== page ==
Suggested readings, #24

Here are some interesting articles I’ve come across recently, for your consideration:

The five most popular books on Stoicism. Modern introductions to Stoic philosophy as a way of life. (Medium)

The three classic books on Stoic philosophy. The most important ancient texts on Stoicism. (Medium)

Metaphors are us. War, murder, music, art. We would have none without metaphor. (Nautilus)

Righteous incivility. The temptation to be uncivil grows as public discourse gets nastier and more aggressive. Can rudeness ever be righteous? (Aeon)

The death of Alexander the Great: one of history’s great unsolved mysteries. When you party too hard after conquering the world. (LitHub)

My name is Wil Wheaton. I live with chronic depression and generalized anxiety. I am not ashamed. (Medium)

A famous argument against free will has been debunked. For decades, a landmark brain study fed speculation about whether we control our own actions. It seems to have made a classic mistake. We shall patiently await Sam Harris correcting himself… (Atlantic)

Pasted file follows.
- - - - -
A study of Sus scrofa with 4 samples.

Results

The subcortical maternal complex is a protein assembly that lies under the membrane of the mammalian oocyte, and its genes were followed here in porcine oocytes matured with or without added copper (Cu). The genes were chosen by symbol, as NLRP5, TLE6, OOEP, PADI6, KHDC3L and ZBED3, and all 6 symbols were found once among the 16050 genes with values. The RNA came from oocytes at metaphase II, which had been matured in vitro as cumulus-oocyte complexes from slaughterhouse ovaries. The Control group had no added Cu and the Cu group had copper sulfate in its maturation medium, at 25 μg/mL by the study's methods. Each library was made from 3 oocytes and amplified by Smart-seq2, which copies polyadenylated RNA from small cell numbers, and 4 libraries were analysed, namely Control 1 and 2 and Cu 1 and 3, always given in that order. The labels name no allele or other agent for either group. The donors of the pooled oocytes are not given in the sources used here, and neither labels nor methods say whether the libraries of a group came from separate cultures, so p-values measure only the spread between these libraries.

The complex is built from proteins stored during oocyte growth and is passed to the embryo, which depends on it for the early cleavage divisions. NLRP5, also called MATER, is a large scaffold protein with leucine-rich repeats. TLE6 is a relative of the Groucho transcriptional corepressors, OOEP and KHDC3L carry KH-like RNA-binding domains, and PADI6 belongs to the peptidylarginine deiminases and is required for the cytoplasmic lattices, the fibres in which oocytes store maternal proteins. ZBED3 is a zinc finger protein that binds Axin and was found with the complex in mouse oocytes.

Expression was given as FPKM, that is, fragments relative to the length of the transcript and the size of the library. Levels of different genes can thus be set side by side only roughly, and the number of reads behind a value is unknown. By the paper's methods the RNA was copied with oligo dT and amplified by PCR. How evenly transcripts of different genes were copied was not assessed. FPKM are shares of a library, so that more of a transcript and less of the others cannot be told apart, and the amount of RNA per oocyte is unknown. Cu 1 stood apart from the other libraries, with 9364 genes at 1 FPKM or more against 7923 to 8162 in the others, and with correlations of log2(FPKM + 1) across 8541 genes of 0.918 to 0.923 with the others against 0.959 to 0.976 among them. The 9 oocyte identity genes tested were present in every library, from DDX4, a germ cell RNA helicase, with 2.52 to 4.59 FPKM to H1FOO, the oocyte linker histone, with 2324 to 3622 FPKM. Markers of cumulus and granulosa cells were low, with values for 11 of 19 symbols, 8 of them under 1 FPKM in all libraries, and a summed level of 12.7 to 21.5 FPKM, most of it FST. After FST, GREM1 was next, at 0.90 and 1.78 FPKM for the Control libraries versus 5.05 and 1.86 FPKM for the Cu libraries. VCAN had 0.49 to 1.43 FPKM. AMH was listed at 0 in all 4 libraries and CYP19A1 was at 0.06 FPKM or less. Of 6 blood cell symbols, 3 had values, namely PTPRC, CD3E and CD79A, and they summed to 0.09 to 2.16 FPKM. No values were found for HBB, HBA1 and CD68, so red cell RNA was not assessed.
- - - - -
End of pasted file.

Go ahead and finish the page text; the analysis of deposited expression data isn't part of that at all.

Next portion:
4 thoughts on “Suggested readings, #24”

  1. Alexander’s death, IMO, is not a “great” unsolved mystery. Alcoholic debauchery was involved in some way, whether directly or not.

    I hugely doubt he was poisoned, for reasons related to what the author mentions about Alexander being unprepared. None of the soon-to-be Diadochoi were ready either. Usually, you don’t kill the ruling tyrant without a post-death action plan ready.


    On the Aeon piece on righteous incivility, at first I was disappointed and confused until I realized that though he was using the usual arguments for incivility he was eventually breaking them down.

    “I doubt I can enumerate what genuinely righteous incivility would require, though I still believe it to exist …”

    I’m still not sure what to make of his last paragraphs. Not sure I disagree either, but I would have liked some kind of examples to better understand what he means by genuinely righteous incivility, and, why it wouldn’t also breakdown under scrutiny.